The Contradictions of “Real Socialism”: The Conductor and the Conducted
By Michael A. Lebowitz
Monthly Review Press
Paperback, 192 pages
Forthcoming January 2012
While these societies were able to claim major achievements in areas from health care to education to popular culture, the separation of thinking and doing prevented workers from developing their capacities as fully developed human beings. The relationship within “real socialism” between the vanguard as conductor and a conducted working class, however, did not only lead to the deformation of workers and those elements necessary for the building of socialism; it also created the conditions in which enterprise managers emerged as a incipient capitalist class, which was an immediate source of the crises of “real socialism.” As he argued in The Socialist Alternative: Real Human Development, Lebowitz stresses the necessity to go beyond the hierarchy inherent in the relation of conductor and conducted (and beyond the “vanguard Marxism” which supports this) to create the conditions in which people can transform themselves through their conscious cooperation and practice—i.e., a society of free and associated producers.
Praise for Michael A. Lebowitz’s The Socialist Alternative:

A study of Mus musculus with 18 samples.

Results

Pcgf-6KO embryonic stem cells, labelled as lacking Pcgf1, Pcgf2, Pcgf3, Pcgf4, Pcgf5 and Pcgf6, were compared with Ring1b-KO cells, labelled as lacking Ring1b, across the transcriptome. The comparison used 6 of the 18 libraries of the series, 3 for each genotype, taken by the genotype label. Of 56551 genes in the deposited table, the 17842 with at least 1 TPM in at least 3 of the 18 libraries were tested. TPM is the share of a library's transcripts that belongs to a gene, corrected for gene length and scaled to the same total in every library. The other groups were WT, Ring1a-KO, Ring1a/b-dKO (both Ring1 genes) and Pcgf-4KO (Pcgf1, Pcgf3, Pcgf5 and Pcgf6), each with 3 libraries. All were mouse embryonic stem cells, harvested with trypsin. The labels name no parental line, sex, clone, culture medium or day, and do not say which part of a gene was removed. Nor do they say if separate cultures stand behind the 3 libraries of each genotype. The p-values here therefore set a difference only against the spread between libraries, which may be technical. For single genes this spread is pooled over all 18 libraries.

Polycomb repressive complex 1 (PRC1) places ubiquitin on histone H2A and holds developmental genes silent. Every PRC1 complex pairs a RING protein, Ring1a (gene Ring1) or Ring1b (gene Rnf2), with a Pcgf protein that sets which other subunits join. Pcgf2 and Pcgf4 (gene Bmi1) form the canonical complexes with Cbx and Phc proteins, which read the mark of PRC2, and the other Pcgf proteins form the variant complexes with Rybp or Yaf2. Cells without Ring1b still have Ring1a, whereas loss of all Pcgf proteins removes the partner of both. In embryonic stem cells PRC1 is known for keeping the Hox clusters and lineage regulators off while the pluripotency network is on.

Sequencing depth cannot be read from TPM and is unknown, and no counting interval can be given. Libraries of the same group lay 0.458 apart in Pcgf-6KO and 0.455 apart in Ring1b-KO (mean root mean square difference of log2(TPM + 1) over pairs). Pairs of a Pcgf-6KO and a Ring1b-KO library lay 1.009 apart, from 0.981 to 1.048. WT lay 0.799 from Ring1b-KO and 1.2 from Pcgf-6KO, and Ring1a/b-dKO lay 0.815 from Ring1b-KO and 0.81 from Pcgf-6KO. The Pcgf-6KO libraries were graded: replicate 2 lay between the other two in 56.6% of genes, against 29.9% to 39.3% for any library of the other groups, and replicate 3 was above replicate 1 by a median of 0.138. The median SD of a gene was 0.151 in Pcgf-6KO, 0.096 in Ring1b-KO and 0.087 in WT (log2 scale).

This is a terrific book that is both theoretical and practical. Most importantly, it challenges us to take socialism seriously. Lebowitz illuminates and extends Marx’s powerful insights to provide a clear and well-grounded vision of socialism, a critical perspective on past failures and current efforts, and a strategic framework for building a successful path towards socialism.
—Martin Hart-Landsberg, professor of economics, Lewis and Clark College
Michael A. Lebowitz is professor emeritus of economics at Simon Fraser University in Vancouver, Canada, and the author of The Socialist Alternative, Beyond Capital: Marx’s Political Economy of the Working Class (winner of the Isaac Deutscher Memorial Prize for 2004), and Build It Now: Socialism for the Twenty-First Century. He is Director, Program in Transformative Practice and Human Development, Centro Internacional Miranda, in Caracas, Venezuela.